Delivering a resilient system is all well and good, but if it doesn’t perform adequately due to excessive clustering overheads the technology is useless. Therefore, we have also been seeing quite how far we can push our system (which is based on low-end commodity hardware). Our original results were quite impressive: a 2-member cluster (based on an Intel D510M0, dual core 1GHz Atom processor, 3GB RAM, 40GB SSD) managed 1000 transactions per second against a 2.5M row table (32 concurrent threads, 25ms think time, 80/20 read/write ratio, 100% data sharing). That’s an incredible achievement for a couple of low-end boxes running “netbook” processors – especially as it was “out of the box” with no performance tuning or optimization done to the DB2 configuration.
The chart below shows even more impressive numbers. This workload was run on the same hardware as I’ve outlined above, but on a tuned DB2 system. This time around, we had 14 client connections with a 1ms think time running against a 250,000 row table, and saw an amazing 5,500 transactions per second with the member’s showing just 50% CPU load – see chart below.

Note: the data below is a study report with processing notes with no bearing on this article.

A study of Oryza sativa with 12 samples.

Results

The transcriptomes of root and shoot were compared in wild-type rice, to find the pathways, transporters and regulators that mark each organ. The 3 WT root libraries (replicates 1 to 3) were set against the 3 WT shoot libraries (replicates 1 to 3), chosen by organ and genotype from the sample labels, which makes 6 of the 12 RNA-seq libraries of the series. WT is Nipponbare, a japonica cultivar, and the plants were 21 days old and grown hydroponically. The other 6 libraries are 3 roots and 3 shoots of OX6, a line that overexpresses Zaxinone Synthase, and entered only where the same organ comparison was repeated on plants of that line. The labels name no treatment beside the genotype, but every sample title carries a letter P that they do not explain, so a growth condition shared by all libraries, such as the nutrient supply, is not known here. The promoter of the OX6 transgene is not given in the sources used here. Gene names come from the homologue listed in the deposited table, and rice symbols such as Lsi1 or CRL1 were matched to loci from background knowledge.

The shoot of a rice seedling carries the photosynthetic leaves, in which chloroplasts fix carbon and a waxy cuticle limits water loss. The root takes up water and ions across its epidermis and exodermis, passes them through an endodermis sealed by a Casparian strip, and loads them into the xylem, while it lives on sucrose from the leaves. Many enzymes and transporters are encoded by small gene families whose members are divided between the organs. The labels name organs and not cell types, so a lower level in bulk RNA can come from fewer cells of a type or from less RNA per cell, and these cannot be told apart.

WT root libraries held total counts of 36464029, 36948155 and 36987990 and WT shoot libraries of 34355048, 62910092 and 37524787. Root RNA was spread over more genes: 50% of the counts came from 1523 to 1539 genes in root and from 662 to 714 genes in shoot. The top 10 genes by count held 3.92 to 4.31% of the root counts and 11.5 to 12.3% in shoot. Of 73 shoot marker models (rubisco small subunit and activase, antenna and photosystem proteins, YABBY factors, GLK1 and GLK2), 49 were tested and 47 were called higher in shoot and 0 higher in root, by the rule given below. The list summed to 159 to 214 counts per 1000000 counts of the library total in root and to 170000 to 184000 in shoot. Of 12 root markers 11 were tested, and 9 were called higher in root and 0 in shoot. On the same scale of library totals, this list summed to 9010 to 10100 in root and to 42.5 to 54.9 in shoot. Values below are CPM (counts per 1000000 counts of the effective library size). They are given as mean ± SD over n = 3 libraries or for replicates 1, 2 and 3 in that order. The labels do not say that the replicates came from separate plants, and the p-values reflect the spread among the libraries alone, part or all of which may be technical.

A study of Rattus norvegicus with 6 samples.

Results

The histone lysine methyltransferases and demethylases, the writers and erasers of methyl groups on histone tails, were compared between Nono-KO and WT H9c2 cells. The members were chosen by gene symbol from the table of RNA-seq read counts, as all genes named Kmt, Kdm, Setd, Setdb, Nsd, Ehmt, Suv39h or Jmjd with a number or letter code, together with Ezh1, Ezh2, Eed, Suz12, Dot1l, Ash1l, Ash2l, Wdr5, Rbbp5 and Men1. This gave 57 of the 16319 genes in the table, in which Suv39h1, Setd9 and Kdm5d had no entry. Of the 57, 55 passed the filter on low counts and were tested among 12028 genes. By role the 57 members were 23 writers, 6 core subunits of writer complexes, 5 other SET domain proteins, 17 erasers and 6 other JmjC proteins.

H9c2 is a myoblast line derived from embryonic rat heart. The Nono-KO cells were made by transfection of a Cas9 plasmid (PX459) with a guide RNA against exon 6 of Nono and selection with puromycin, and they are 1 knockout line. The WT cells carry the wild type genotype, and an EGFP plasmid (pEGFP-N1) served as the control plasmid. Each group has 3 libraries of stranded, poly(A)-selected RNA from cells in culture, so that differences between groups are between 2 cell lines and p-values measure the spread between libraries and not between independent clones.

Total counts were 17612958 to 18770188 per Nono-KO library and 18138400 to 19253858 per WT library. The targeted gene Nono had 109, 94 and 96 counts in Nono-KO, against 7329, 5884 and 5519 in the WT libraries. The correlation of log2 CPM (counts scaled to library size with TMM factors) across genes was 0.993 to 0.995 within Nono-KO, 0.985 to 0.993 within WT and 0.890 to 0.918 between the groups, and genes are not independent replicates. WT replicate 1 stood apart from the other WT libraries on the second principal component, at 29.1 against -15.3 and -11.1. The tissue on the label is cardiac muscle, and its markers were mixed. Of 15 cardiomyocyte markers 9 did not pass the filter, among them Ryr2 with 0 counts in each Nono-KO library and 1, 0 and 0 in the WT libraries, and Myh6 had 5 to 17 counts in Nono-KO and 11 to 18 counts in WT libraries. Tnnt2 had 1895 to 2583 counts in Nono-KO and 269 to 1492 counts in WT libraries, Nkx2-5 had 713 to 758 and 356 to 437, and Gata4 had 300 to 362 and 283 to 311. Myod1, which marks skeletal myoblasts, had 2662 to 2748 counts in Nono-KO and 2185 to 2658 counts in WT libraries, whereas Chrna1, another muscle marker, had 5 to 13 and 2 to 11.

Of course, these are simulated OLTP workloads running against hardware that is not officially supported by pureScale (only IBM x and p servers are currently supported) so your mileage will definitely vary. However, those kinds of transaction rates would have been firmly in mainframe territory not so long ago.
In our testing to date, DB2 pureScale has met or exceeded every one of our expectations, delivering on the promise of a highly robust, scalable and efficient clustering solution for DB2 customers. We’ll be continuing our research as new capabilities are delivered during 2011, and I’ll keep you updated on the results.